People who work in Connecticut child care facilities and licensed homes must complete a comprehensive background check at least once every five years. There are expanded federal requirements for staff at centers, group child care homes, family care homes, and license-exempt center based programs that receive the federal Care 4 Kids subsidy that Connecticut is rolling out in 2019. Please check this webpage often for updates.
Who needs a background check?
If you provide care for children in a child care center or home, you’ll likely need to get a background check through the OEC. The following groups must get fingerprint-based background checks once every five years:
- All child care staff, including employees and volunteers who are 16 and older and work with children 12 or more times per year.
- Family home child care providers, their household members 16 and older, assistants, and substitutes.
- License-exempt providers who receive Care 4 Kids funding, EXCEPT youth camps and unlicensed Care 4 Kids providers who are related to all the children in their care.
- NOTE: If you are not employed by or a volunteer at the child care program, you do not need a background check through the OEC. Examples might include a private nurse hired by the family, or a school district-employed physical therapist working with a specific child.
If a child care center is hiring, individuals must wait until they’ve been hired or received an offer letter to start a background check. We do not offer pre-employment screening. The background check process must begin immediately, prior to the staff member working directly with children.
If you’re not a licensed provider yet, you’ll need to start the licensing process before you can get a background check. You can learn more about getting licensed by visiting our licensing page or contacting us at (860) 500-4450.
Why do I need a background check?
Certain crimes can make a person ineligible to own, work for, or be an assistant at a child care center or home. As a result, anyone who provides care for non-relative children needs to get a background check. People who run family child care homes must also have all household members 16 and older checked. If there is a disqualifying crime on a person’s record, or the person is listed on the Department of Children and Families Child Abuse or Neglect Registry, it may affect their ability to own or work in a child care facility.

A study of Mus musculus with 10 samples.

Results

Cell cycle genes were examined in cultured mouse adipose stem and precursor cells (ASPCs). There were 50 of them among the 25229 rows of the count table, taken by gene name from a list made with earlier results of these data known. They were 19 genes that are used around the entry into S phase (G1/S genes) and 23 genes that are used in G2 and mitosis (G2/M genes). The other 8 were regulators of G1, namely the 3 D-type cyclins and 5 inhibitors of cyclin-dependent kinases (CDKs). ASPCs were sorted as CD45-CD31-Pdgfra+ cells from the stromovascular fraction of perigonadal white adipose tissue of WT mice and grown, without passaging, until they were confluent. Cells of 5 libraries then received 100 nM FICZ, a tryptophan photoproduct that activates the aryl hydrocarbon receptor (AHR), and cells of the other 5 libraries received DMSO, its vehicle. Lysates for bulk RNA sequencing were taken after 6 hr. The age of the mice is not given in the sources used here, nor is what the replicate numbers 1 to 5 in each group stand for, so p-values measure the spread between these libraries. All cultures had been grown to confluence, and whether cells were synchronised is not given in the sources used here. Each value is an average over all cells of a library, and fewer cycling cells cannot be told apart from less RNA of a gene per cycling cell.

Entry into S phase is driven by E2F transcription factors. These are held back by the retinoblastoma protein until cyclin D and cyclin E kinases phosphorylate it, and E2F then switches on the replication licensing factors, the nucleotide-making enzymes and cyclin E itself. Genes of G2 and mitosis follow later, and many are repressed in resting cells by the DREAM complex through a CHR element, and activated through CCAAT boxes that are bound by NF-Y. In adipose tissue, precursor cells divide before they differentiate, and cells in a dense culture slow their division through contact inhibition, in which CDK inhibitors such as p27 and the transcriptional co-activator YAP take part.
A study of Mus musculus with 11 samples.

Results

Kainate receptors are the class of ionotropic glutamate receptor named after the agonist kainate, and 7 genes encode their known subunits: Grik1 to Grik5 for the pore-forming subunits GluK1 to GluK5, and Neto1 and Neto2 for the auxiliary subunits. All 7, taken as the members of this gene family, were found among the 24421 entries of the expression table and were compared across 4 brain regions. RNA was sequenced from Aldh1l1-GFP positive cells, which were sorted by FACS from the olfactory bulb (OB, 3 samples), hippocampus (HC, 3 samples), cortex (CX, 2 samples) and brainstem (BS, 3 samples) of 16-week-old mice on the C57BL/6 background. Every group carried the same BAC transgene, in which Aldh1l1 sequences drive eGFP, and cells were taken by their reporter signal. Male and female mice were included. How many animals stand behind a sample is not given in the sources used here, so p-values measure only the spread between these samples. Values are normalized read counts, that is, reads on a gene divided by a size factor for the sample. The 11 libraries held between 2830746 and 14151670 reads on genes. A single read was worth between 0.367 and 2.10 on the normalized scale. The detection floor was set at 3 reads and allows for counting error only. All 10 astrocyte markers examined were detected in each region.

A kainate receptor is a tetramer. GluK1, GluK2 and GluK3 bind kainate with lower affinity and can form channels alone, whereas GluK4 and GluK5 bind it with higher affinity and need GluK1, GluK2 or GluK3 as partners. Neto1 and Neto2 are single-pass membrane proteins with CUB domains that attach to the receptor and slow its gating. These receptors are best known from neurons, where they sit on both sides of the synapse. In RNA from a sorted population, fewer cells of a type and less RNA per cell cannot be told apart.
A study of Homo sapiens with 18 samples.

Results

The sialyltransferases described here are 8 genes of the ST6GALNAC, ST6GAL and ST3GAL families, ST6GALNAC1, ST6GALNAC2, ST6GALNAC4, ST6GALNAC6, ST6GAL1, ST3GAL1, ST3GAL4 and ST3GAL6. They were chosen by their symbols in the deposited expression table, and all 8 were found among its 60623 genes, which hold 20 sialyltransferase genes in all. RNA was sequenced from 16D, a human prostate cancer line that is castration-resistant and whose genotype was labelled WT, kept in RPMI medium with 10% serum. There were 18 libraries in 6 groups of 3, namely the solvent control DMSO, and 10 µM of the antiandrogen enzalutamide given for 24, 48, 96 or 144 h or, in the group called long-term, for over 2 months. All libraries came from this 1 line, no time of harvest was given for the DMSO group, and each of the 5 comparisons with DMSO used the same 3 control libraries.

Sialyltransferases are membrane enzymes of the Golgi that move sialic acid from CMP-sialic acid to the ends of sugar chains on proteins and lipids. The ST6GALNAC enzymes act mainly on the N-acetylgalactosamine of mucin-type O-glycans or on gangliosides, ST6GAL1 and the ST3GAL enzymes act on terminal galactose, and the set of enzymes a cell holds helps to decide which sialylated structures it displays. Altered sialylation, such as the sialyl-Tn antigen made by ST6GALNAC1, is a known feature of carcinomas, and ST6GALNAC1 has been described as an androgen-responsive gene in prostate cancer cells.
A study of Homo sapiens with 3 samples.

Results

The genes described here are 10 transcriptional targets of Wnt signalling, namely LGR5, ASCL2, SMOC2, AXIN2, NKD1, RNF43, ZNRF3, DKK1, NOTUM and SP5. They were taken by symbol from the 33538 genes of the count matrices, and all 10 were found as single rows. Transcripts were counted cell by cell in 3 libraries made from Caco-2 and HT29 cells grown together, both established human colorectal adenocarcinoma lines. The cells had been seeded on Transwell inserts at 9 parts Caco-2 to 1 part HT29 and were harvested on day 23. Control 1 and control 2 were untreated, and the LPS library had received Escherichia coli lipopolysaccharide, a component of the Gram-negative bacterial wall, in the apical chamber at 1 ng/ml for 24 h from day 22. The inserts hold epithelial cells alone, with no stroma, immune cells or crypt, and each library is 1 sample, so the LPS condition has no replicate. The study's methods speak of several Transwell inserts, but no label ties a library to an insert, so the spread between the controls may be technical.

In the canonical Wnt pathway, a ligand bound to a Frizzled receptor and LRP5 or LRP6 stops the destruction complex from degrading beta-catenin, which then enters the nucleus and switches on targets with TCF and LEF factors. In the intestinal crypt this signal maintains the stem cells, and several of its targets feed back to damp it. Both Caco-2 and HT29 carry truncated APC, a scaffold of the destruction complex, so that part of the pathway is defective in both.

What if I already had a background check?
If you’ve worked in a child care facility that is licensed by OEC in the last five years, you may already have a completed child care background check recorded in the OEC database. State law allows a completed background check result to be sufficient for five years, regardless of any change in child care employers, unless the individual has a break in child care employment for 180 days or more within that five year period.
Unfortunately, background checks completed for any other reason cannot be used as OEC child care background checks, even if they were processed by the State Police at DESPP.
OEC has developed a new tool for providers to record an updated Roster of staff and volunteers affiliated with Centers and Group Child Care Homes. This will allow OEC to research our database for any completed background check results and add them to the OEC Roster. Employers will then have a complete set of background check results for each person.
See a list of disqualifying crimes.
Why do my fingerprints have to be collected again if they don’t change?
There are several reasons:
- New fingerprints give an updated impression. Fingerprints that were collected five years ago may not show any permanent scars, burns or amputations that happened since.
- The State Police Fingerprint Identification System can compare new and old prints, then use the best print for each finger to produce the best possible set of prints for identification and matching.
- Sometimes people share the same name and date of birth, so fingerprints can be used to tell which record should be searched.
- Sometimes people use another person’s name and date of birth to hide their identity or criminal record. Checking against an earlier set of prints can identify this kind of fraud.
- The requirement to provide new prints helps ensure that your fingerprints are matched against your personal history and not someone else’s.